I remember when I was a little kid and my older brother had an extensive collection of Legos, including space Legos. Turned out those were first manufactured the year I was born, so I take that to be a sign. That’s when Legos turned gray. Playing Legos when I was little was the first time I ever contemplated what it would be like to land on the moon. If only we’d been more ambitious (and had a lot more Legos), we could have contemplated a whole lot more than that.
Peter Reid and Tim Goddard, both from the UK, are the biggest Lego nerds you’ve never met. They bought dozens of Lego space sets (and there are now hundreds to choose from) and started building. Their new book LEGO Space: Building the Future features futurist scenarios and mechanical devices constructed entirely from the colorful plastic bricks. Their vision of the future includes robots, spaceships, and alien worlds, as well as space pirates. Yep. What could be cooler than space pirates? Well, space ninjas, I guess. Those will be in the sequel.
Reid and Goddard both contributed to the Lego Play Book and Goddard also contributed to the Lego Ideas Book. Reid designed a Lego Exo suit featured in the Lego Play Book, which received over 10,000 votes on Lego Cuusoo, which is kind of like the Kickstarter of Lego (without the donation requests). Fans can use Lego Cuusoo to suggest and support the manufacture of individual projects by Lego.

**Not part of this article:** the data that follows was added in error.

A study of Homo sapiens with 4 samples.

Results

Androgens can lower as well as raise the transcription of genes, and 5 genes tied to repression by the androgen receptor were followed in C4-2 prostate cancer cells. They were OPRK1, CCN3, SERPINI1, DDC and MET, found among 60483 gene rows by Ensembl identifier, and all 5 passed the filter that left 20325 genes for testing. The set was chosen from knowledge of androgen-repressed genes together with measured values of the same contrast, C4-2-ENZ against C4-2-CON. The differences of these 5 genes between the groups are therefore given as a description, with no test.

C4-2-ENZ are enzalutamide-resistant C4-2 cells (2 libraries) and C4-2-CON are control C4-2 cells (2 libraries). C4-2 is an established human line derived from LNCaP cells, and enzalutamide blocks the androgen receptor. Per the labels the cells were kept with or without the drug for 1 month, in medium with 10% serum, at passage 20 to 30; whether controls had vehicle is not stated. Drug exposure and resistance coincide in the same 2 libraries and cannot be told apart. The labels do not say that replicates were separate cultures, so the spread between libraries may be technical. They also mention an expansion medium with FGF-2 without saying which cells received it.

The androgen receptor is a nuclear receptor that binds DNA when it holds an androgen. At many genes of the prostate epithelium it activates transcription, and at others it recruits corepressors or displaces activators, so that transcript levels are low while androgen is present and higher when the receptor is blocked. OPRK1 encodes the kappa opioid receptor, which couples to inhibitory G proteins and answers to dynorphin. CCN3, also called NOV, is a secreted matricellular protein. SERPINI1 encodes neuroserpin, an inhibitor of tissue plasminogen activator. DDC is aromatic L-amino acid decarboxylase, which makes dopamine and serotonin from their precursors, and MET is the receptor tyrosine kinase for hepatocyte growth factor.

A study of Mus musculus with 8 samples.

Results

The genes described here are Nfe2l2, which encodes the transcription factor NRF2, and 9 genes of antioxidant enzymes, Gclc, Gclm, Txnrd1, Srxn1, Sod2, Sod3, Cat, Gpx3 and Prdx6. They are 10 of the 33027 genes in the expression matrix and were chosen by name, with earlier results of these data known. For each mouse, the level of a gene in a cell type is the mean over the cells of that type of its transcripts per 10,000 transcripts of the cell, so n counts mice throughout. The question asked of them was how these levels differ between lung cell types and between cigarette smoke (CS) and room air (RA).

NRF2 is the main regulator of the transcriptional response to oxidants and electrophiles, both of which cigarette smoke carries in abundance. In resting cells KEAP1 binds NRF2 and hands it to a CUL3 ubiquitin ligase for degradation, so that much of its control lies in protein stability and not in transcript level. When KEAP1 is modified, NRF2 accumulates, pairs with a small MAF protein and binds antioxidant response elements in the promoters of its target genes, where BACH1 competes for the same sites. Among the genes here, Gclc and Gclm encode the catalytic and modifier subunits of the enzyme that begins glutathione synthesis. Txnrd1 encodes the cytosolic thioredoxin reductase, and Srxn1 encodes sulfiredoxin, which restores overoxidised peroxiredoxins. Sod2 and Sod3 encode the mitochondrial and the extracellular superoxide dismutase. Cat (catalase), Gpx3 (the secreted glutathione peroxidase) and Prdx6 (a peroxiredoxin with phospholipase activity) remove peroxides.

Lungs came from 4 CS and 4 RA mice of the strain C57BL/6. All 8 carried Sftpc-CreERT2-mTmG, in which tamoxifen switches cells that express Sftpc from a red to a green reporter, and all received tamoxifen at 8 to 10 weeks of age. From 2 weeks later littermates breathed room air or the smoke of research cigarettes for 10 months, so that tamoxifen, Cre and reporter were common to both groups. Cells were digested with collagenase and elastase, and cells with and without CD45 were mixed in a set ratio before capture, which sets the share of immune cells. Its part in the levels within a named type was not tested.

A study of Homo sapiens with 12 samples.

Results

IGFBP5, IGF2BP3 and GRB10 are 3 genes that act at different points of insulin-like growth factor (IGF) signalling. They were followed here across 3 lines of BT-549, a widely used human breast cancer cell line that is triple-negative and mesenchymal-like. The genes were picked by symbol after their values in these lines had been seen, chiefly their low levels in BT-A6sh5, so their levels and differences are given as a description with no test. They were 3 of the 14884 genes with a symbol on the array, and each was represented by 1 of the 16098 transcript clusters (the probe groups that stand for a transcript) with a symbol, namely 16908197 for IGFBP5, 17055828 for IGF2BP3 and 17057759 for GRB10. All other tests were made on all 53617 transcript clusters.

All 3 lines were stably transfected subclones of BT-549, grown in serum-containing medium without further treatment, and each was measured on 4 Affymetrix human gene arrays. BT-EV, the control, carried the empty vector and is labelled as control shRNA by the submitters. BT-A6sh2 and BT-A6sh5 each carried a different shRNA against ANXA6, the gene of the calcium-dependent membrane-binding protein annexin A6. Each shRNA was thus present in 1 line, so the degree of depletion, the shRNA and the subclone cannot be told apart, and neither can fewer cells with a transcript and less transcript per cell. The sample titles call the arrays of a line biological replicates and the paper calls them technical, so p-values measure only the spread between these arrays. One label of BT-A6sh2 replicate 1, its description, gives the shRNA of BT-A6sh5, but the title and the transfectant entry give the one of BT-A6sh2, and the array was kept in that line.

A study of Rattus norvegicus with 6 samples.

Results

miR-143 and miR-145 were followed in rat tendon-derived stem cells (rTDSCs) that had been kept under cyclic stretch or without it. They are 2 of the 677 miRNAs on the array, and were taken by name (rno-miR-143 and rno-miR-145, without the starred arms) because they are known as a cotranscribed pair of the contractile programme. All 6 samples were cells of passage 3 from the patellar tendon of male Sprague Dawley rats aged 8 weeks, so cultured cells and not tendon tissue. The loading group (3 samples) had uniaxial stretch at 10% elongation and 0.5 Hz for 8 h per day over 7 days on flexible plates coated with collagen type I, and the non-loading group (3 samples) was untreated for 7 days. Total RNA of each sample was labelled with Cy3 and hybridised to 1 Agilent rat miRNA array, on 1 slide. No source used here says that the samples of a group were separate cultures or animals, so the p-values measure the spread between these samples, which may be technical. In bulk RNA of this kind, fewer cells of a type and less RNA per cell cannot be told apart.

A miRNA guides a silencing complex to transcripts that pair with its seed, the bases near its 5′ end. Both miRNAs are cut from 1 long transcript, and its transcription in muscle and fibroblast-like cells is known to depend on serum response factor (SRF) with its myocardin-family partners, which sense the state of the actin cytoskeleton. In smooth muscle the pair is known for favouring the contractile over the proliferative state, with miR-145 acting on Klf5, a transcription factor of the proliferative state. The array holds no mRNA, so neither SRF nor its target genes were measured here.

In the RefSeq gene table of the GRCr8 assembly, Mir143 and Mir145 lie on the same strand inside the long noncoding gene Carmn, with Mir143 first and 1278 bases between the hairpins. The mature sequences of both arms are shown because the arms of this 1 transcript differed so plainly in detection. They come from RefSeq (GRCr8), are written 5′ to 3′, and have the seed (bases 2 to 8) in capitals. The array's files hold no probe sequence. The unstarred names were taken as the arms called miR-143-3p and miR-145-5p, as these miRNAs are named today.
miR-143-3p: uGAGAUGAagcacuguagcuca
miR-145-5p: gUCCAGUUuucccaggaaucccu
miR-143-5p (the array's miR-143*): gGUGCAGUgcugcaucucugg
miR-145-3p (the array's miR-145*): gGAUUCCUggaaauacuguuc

As if the Lego models aren’t cool enough, Reid and Goddard attempt to create a narrative in their book. Using the Lego sets as a universe in which to set their stories, they try to appeal to younger readers who are just getting into Space Lego, as well as to older readers who like me feel a sense of happy nostalgia when looking at the photos.
I don’t really know what else there is to say. Just look at these. And then go buy some Legos and get building. If you’re lucky, they might find themselves on the way to space, flying in the footsteps of the lucky Legos inside the Juno spacecraft.